We often get inquiries asking about the difference between dyno charts and why dyno’s themselves vary between shops, manufacturers, & tuning centers. The questions are many times based on charts & data that is shared across social media sites & various web forums. This, in itself opens the data to interpretation as many times we are not only comparing non-identical combinations, we are comparing different test standards & procedures without even taking some of the most important parts of the equation into consideration, which I’ll touch base on. With that being said, the following information should be helpful when comparing various dyno charts.
An inertia dyno itself such as a Dynojet chassis dyno actually has very little test variance dyno to dyno, however nearly every other variable or factor in is different, or as better defined as relative: considered in comparison or relation to something else.
The conditions, the subject being tested, the hardware, the dyno cell design, the specific test procedure, etc.. all of these difference are relative. An inertia dyno works on the laws of physics; those laws do not change, however all of the other factors involved are relative, and we haven’t even taken the actual tune into consideration yet, so let’s take a further look
- Conditions: the specific air conditions the machine was tested in: temperature, humidity, barometric pressure. This will change greatly and affects power output to a high degree. Conditions will change hour to hour, day by day. Also be sure to compare charts using the same correction factor as this can change the overall numbers by as much as 5%. It’s also extremely important to understand a correction factor corrects the data set to a specific standard, not the engine output.
- Tuning: Don’t just look at the peak numbers, look at the entire curve. Is the curve smooth or abrupt, are there dips or anomalies? Are they performing a quick test or are they actually tuning? An accurate, comprehensive tune is essential. Is the individual performing the tuning highly skilled with the tuning product and engine configuration he is working with?
- Gear: The gear the test is performed in will affect overall numbers. You want to be as close to 1:1 as possible, on a Harley Davidson this is 5th or 6th gear respectively. Runs performed in lower gears will have lower numbers due to loss from gear reduction.
- Air exchange: the motorcycle needs to have proper air exchange in the dyno cell. If there is not sufficient make up air & exhaust extraction it will affect engine output. An engine cannot breathe its own exhaust. An airflow & temperature controlled dyno cell will be much more consistent than an open air dyno and the room should be continually monitored for CO (carbon monoxide)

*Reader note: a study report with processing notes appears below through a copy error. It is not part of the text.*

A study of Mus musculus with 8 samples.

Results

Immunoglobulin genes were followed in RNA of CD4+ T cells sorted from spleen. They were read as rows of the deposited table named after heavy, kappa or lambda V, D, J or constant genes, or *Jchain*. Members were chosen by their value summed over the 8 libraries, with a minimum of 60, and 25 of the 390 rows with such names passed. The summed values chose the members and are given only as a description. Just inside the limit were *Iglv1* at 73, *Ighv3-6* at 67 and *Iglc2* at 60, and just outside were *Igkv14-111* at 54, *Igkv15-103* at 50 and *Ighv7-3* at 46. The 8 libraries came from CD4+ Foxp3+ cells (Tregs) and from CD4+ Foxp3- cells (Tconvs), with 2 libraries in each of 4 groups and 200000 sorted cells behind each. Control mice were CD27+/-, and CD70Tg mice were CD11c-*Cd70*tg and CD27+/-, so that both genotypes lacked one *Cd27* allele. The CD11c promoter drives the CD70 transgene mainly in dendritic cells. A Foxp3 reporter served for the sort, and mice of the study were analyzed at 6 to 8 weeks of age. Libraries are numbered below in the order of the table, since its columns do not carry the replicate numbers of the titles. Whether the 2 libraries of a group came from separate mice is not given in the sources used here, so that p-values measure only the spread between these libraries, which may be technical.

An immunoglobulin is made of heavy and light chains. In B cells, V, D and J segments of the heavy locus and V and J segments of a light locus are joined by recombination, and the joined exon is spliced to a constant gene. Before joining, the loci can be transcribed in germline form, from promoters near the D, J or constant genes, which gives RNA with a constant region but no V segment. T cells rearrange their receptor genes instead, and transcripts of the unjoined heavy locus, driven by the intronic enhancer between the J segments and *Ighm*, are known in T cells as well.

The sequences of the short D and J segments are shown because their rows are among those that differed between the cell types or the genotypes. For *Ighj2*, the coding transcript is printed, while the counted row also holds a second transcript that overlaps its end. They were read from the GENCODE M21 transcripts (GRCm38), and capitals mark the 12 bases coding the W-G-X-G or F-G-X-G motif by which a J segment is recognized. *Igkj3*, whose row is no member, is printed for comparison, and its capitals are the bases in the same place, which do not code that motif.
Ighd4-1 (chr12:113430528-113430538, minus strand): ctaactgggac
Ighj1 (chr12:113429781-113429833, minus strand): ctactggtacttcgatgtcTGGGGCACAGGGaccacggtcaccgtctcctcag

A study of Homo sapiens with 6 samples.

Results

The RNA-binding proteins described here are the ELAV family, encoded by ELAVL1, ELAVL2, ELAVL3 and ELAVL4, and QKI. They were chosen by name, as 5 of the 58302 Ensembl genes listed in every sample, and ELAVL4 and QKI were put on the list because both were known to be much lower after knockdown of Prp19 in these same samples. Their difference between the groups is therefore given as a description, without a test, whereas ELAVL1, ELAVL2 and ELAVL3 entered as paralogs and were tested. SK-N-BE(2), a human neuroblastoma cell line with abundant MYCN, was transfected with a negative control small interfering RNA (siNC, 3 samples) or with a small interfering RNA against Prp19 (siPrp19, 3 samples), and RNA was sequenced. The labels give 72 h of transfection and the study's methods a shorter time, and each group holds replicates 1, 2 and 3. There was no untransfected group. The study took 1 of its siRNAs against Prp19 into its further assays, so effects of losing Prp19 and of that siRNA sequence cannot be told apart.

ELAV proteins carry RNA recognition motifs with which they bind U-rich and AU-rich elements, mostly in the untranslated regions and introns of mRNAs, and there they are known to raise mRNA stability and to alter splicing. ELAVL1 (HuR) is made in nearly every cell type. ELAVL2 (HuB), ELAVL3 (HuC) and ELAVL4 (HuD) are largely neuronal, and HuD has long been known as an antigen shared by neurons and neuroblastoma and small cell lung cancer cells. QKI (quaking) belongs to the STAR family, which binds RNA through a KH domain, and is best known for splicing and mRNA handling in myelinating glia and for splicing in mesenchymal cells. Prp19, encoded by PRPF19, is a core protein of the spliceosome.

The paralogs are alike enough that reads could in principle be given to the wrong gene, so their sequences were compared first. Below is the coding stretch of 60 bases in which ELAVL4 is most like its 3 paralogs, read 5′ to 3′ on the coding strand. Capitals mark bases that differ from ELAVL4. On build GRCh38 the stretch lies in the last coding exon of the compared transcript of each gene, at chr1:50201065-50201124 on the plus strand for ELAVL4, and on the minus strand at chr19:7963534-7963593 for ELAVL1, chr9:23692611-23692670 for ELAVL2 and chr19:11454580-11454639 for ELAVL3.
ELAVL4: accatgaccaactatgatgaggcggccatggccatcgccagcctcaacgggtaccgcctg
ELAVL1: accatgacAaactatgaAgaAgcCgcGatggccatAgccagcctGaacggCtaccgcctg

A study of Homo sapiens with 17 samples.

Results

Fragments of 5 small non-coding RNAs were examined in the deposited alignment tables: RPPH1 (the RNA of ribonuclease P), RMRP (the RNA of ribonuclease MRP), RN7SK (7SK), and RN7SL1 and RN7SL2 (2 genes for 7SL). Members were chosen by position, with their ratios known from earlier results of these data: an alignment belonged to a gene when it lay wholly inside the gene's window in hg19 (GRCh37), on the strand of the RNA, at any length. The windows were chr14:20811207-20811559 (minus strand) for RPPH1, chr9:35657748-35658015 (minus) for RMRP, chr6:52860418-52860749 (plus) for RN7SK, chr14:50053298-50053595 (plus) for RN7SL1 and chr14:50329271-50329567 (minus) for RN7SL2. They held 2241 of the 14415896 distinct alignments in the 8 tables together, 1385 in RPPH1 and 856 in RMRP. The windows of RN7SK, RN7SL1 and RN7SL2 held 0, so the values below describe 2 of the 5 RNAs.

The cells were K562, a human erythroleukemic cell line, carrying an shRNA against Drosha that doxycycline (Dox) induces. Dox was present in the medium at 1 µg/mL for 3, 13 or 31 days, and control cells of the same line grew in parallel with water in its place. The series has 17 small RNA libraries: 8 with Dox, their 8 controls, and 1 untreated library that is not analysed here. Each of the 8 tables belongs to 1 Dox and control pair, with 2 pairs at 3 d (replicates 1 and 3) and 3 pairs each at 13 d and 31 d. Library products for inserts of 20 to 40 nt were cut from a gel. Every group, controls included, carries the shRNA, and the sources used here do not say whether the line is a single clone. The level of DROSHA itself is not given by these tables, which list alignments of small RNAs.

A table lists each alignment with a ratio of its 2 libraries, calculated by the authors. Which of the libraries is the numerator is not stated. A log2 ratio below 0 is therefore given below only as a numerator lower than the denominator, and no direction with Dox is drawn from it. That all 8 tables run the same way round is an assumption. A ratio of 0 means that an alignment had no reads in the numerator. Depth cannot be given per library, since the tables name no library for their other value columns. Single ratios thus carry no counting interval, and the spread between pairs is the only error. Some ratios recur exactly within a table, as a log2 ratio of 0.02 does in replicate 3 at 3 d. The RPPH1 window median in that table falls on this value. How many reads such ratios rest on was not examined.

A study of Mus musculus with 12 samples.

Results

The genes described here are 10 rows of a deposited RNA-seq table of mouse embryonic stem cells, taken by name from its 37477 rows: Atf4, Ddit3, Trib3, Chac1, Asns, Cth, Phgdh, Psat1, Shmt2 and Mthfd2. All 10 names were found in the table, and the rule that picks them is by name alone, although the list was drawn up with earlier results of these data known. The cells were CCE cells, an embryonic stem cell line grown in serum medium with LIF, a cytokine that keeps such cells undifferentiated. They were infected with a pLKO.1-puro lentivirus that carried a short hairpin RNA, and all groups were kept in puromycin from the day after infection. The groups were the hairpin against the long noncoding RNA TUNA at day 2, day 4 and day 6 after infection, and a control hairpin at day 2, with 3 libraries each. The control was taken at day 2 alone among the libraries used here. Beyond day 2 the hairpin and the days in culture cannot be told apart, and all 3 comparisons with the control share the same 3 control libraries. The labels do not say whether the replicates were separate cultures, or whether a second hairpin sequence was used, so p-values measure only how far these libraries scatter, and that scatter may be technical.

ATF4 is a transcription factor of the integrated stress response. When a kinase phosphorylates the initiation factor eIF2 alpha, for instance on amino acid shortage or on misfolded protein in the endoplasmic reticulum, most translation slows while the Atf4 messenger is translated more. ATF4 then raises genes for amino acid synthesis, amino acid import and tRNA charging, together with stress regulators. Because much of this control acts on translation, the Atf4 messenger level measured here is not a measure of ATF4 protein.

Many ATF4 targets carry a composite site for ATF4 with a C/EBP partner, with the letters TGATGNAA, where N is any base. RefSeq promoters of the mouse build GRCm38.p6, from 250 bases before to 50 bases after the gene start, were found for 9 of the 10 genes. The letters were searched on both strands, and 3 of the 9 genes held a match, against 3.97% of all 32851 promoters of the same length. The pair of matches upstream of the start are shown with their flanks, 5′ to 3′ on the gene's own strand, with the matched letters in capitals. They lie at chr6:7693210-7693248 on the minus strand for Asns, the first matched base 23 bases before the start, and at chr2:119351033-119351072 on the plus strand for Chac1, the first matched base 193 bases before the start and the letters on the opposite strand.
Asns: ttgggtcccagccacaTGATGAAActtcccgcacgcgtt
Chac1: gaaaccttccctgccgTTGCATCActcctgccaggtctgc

- Engine Temperature: the motorcycle needs to be tested at the optimum engine temperature, this will greatly affect output as both commanded Air/Fuel mixture and spark temp correction vary based by engine temp, both which affect power output. Dyno cooling fan placement is also critical as it affects intake air temp under static conditions, if the intake does not get proper air IAT can skyrocket under stationary conditions on the dyno. Engines like cool fresh air.
- Fuel, oil, & lubricants: The specific grade of gasoline, the specific oil, as well as lubricants in the transmission and primary. The temperature & viscosity of each of these fluids is a factor, and if fluid volume is overfilled it is a problem as well.
- Tire, Wheel & Driveline: The specific tire & wheel size and weight will affect numbers, heavier components will reduce power output. A good example is the OEM wheels on 2018-2019 Road King, Road Glide, Street Glide “S” model bikes, these wheels are much heavier than others and these bikes consistently have dyno numbers 2-3% lower than normal, that’s not much on a 80Hp stock bike, but 3% is almost 5Hp on a 150Hp build. Aftermarket transmissions with heavier gears, shafts, & larger bearings, a chain drive conversion (as opposed to belt), and soft sticky tires will also affect overall numbers.
- Serviceability: The overall condition of the components; condition of the air filter, injector flow, correct fuel pressure, the tension on the drive belt & primary chain, clutch slip, & tire pressure. Each of these factors into power output.
- last but not least, Bias: is the individual doing the testing setting you up for success, or are they setting you up for failure? Do they want to prove something right, or something wrong? The person doing the testing and tuning has to want to make the best of your combination. If they don’t want your combination to work they’re not going to make it work, it’s as simple as that. If they make excuses, claims, or conclusions before they even get started tuning it’s not a good sign. Sometimes it’s about hard feelings in business or about competition, sometimes it’s as simple as your numbers are better (or worse) than some guy on an internet forum. Yes, this industry is weird that way.
These are just primary examples, there are plenty others. Consider for a moment if any of these factors varies slightly for each test (which they will) variances in output come into play, now stack all of these variances together and the reasons for variances between dyno’s becomes more clear. That is why it is so important to keep anything you have control over as consistent as possible. In the end the most important thing to remember is that exceptional components & exceptional tuning will always yield the best results. You’ll find the top tuning & engine shops follow this same program.